The perfect follow-on to yesterday’s post.
As many of you will know yesterday I published a post that was a republication of a recent item on the Care2 site about a Fire Department coming to the aid of a dog.
Any fire chief will tell you that a fire department’s role is not just fighting fires, but sometimes helping community members out of a tight spot. And for the McDowell County Rescue Squad in North Carolina, that form of service required a delicate touch last week when they were called upon to free a dog named Sadie from the grips of a truck tire rim.
Just to illustrate that caring runs across other departments and other animals, read this recent Mother Nature Network story.
Meet the abandoned kitten who is now the top cop at NYPD’s 60th Precinct
Jenn Savedge March 2, 2017, 3:34 p.m.
When the officers at a New York police station found an abandoned kitten on their doorstep, they could have taken him to their local animal shelter. Instead, they took him in as one of their own. And now Martin is the official precinct mascot (and unofficial morale booster) of the New York Police Department’s 60th Precinct.
Today, the 6-month-old kitty is living the high life, with treats, toys and snuggles in abundance. But his future was not that certain just a few months ago. The tabby cat was abandoned on the doorstep of the NYPD’s Coney Island office. Fortunately, the officers instantly fell in love, and rather than turn him over to a shelter, they petitioned their boss to adopt him as a pet for the whole precinct.
Officer Martin D. Costanza, who became the cat’s namesake, led the charge to adopt the kitten. Costanza and his fellow officers put the request in with Deputy Inspector William Taylor, the New York Post reports. Taylor, a self-described animal lover, agreed under one condition: Someone else needed to be in charge of the litter box.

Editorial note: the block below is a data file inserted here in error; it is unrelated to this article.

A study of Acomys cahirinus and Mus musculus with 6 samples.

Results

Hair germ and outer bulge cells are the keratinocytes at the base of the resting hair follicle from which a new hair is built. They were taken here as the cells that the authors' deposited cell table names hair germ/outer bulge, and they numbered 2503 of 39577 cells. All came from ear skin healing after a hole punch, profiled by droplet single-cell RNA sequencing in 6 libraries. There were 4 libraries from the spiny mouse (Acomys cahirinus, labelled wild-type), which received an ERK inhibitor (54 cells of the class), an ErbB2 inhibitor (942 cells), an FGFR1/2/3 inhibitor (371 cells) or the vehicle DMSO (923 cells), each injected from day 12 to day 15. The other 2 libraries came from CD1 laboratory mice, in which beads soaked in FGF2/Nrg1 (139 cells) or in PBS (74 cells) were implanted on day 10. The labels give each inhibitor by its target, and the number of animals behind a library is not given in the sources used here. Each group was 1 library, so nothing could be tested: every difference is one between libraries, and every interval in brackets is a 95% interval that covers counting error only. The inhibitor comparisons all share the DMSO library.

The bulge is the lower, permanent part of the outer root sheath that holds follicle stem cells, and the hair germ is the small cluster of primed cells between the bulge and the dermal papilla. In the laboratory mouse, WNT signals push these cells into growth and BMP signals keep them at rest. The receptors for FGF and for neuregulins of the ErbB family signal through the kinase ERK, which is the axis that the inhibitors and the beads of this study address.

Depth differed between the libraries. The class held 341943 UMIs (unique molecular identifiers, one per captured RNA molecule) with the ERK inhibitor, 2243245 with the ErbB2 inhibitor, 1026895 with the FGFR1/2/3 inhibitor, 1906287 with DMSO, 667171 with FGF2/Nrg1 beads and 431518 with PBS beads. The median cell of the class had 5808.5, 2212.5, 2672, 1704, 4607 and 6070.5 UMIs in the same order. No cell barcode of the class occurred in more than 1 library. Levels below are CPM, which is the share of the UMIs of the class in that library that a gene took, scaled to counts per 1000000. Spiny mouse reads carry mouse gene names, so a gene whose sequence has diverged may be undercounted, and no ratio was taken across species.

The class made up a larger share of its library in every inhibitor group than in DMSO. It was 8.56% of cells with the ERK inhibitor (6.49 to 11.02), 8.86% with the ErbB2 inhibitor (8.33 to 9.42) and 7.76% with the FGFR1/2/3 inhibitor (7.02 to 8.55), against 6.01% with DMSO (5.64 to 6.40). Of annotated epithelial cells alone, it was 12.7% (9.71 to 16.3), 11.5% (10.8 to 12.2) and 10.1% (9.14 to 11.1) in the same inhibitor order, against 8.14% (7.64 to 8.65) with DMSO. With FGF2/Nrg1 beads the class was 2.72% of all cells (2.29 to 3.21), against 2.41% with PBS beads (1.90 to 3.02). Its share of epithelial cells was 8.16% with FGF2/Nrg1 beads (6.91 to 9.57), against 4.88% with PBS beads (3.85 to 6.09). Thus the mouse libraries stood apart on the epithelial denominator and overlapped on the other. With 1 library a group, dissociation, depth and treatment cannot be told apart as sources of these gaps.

Taylor even agreed to pay for Martin’s food and treats and the officers pooled their funds to pay for their new kitty’s shots, neutering and microchipping. Throughout the station, Martin has baskets for napping, multiple food stations and plenty of toys. He also has a large, admiring fan club of officers and visitors who can’t wait to give him a pet or a snuggle.
Since word of his adoption has been made public, the precinct has been inundated with offers for donations and requests to help. But the officers want Martin’s fans to know that all of his needs are being met and that donations should be sent to the local animal shelter.
According to Taylor, Martin shows up at roll call every morning to “inspect” the officers and spread a little joy. “He has the run of the precinct.” Taylor told the New York Post. “He took control of the place right away.”
You all take care of yourselves out there!